Job No. 1 for Barry Trotz on Day No. 1 in the hub city bubble was getting his Islanders used to their new normal.
“It’s just getting used to your surroundings and the protocols and where you can walk to, the rink,” the coach said from Toronto on Monday after the Islanders had their first practice in their quarantined environment. “Really, it’s not much different than coming into a new city or a new arena or a new area and trying to figure out where you can go. And just follow protocols. The NHL has done an excellent job.”
The Islanders, who concluded two weeks of Training Camp 2.0 at Northwell Health Ice Center in East Meadow on Saturday, traveled to Toronto on Sunday. All 30 players on the active roster practiced Monday on the Olympic-size rink at Ford Performance Centre. They will face the Rangers in an exhibition game Wednesday night and open their best-of-five qualifying series against the Panthers on Saturday, with all games at Scotiabank Arena.
The optimism the NHL has in being on the cusp of restarting a season that was paused on March 12 because of the COVID-19 pandemic contrasted sharply Monday with Major League Baseball. After 13 members of the Miami Marlins’ traveling party tested positive, the Yankees’ game in Philadelphia, where the Marlins played the Phillies on Sunday, and the Marlins’ home opener against the Orioles were postponed.
“I think the closest comparison to us would be the NBA and their bubble situation,” Matt Martin said. “For the most part, I think things have gone pretty well for them. Their bubble situation is pretty strong. The MLB is a little bit of a different ballgame to what we’re doing. They’re going home. They’re traveling to other cities. Their exposure is a little different than us.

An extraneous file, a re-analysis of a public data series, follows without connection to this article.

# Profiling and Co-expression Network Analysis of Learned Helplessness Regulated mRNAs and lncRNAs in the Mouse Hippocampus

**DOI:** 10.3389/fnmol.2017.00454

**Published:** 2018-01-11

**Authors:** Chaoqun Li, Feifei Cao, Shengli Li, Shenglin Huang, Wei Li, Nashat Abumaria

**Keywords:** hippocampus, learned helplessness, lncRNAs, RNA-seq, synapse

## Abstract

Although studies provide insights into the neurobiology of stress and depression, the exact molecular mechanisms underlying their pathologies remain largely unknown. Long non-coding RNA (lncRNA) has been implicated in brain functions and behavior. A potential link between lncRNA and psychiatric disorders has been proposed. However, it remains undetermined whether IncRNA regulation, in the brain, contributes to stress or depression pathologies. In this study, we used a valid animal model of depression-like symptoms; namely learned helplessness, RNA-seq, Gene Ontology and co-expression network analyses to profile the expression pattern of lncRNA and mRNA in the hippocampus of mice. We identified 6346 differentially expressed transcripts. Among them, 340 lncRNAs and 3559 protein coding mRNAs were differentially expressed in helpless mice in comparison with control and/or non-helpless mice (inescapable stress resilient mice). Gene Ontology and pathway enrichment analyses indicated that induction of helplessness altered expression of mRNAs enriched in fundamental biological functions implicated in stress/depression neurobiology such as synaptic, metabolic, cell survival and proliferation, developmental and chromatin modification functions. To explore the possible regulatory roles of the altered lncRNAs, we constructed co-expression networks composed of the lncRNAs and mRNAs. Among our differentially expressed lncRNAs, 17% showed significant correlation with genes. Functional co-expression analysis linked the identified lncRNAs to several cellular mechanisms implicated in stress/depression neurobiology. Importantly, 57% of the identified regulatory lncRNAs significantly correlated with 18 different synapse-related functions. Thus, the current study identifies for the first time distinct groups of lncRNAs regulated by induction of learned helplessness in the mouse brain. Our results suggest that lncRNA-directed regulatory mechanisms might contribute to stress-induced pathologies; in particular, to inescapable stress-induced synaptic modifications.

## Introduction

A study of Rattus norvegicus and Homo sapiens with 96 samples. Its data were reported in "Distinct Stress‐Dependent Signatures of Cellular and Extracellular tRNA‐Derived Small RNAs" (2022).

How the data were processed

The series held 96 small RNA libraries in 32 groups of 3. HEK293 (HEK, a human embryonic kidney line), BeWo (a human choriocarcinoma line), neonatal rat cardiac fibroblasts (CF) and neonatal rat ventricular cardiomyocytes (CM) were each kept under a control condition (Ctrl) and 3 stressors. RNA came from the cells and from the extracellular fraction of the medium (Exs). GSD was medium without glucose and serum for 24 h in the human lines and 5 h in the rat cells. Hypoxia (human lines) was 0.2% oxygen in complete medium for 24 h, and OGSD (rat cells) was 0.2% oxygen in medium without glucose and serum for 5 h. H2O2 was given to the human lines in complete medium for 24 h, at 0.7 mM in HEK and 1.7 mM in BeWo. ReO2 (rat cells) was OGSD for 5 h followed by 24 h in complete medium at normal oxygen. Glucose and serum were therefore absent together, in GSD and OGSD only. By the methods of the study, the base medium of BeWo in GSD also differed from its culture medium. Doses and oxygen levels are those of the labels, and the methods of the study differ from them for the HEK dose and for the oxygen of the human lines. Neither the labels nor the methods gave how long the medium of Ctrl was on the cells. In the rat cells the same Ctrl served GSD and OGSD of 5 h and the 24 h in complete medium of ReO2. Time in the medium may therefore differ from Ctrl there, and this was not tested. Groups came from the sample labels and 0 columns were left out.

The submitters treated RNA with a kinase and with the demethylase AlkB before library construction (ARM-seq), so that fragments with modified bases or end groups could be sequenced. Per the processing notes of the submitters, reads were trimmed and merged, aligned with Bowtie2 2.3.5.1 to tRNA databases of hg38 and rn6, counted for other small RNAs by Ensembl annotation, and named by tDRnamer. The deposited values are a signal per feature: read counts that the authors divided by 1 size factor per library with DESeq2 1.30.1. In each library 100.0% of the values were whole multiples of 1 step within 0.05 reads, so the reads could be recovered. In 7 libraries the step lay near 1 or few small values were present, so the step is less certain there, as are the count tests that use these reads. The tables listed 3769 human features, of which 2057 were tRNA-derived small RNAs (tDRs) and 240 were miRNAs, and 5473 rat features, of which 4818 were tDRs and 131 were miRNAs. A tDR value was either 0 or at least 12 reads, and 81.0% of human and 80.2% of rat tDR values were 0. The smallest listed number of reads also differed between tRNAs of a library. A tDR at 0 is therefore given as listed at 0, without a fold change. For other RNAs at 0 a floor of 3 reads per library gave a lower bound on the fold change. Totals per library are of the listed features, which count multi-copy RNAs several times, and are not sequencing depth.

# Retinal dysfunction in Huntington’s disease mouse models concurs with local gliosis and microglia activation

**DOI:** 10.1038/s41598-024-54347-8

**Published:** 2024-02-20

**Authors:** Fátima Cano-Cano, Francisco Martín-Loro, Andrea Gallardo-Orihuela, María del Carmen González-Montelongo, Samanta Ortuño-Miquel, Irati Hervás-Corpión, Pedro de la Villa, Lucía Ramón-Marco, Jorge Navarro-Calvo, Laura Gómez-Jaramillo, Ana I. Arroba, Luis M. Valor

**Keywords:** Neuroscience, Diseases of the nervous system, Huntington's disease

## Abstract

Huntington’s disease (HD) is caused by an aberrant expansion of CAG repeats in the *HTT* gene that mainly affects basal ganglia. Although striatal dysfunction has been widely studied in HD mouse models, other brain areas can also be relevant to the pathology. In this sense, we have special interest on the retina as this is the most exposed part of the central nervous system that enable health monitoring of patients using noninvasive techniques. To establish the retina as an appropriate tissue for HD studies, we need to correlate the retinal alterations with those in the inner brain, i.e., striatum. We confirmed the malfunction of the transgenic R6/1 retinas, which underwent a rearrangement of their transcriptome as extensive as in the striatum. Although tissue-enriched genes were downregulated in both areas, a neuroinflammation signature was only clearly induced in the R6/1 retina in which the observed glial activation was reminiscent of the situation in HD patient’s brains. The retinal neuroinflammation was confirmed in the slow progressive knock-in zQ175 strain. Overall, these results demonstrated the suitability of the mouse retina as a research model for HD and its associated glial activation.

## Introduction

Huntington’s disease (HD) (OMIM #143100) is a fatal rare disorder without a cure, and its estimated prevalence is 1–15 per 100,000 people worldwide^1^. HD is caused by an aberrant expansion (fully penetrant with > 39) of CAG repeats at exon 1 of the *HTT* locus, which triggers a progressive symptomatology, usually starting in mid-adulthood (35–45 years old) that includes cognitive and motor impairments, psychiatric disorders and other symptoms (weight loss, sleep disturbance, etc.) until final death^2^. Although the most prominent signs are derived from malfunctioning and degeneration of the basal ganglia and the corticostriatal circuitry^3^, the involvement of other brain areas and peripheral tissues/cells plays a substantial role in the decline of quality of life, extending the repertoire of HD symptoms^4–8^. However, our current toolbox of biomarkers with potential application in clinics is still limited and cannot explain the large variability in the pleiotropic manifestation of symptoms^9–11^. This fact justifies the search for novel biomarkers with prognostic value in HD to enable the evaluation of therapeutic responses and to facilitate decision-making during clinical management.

“I think the NHL and the NHL [Players' Association] have done a great job of giving us a safe environment,” Martin added. “I think they’ve made our health and safety a priority.”
The NHL reported Monday that only two unidentified players tested positive during the two weeks of formal training camps for the 24 teams participating in the NHL’s return-to-play format. There were no positive tests in the week before the teams departed for the hub cities of Toronto and Edmonton.
“I think everybody understands the risk with the virus,” Brock Nelson said. “You’re not only risking yourself but other people and family. So you try to limit your contact with outside parties, and the league did a pretty good job for us. As a team, back in New York, we were tested every day to kind of make sure we had control of everything.''
The NHL’s hope now is that with all 24 teams ensconced in hub city bubbles, the risk of future COVID-19 outbreaks will be markedly lessened.
Trotz described the precise scheduling in the bubble for practices and bus departures and compared the experience to an Olympics or World Championships tournament.
“I’m about getting comfortable and getting acclimated,” he said. “We’re here to work. We’re not here to have a vacation.”